The nebula M17, known as the Swan, Horseshoe or Omega Nebula, lies between 5,000-6,000 light years from Earth in the direction of the constellation of Sagittarius. It spans 15 light years and contains around thirty-five million year old stars lighting up the remains of the gas from which they formed. As the light from the stars ionises the gas in the nebula, converting hydrogen to H+, it is known as an HII Region, where HII is the astronomical designation for H+.
New results from the Spitzer Infrared Space Telescope have added to details on the region surrounding this vast reservoir of gas and dust. To the left of M17 on the image lies M17 EB, an area of space that shows what will eventually happen to M17. In it, a series of stars aged two to five million years old have evacuated a bubble in space by forcing away gas and dust through strong stellar winds and radiation pressure. This bubble has extended to the point where it is now impacting on the left hand side of M17 itself.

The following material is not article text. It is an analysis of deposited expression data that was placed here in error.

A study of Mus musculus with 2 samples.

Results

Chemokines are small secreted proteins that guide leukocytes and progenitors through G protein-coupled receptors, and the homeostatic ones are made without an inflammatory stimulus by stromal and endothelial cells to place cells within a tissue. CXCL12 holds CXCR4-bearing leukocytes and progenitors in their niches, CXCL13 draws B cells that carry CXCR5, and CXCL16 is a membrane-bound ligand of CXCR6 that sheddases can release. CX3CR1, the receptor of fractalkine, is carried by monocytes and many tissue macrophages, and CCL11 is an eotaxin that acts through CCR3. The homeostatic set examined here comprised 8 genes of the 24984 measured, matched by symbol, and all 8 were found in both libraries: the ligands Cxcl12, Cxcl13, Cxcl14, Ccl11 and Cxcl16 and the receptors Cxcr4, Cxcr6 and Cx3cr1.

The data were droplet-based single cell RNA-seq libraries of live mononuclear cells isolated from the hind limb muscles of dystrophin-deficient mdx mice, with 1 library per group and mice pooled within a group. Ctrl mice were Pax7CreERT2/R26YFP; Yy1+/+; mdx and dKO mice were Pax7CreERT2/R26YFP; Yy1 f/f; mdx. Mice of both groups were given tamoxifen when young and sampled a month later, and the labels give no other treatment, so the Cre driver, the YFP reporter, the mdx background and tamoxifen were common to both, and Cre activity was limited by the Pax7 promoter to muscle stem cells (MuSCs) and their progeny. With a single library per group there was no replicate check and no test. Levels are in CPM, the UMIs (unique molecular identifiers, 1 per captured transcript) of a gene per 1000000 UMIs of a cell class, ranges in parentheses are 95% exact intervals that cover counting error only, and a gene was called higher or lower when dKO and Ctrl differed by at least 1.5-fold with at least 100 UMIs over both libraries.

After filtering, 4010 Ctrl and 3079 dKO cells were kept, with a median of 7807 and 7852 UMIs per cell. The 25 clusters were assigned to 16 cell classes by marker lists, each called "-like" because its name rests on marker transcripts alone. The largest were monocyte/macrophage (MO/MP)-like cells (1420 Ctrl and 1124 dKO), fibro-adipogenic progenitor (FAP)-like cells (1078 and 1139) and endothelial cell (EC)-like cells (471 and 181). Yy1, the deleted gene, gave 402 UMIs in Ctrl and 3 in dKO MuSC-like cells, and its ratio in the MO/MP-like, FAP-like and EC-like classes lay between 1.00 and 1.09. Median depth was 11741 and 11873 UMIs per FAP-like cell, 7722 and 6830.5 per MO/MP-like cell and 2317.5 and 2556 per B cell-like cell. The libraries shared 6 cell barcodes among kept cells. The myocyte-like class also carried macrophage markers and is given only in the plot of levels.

To the right lies another, earlier stage of development. In a vast tranche of cool, dark gas called M17 SWex, only readily visible in infrared where the cool things glow, Spitzer identified 488 new stellar cores developing their way into fully fledged stars. Given the density of the dark stuff and the distribution of the stars, this means there could be up to 10,000 stars within the stellar nursery.
This ages of star image has been described by NASA as looking like a dragon flying from a fiery cloud, though I notice in their visible light image, M17 itself looks like a dragon rising phoenix-like upward from flames, wings extending, chest lit up.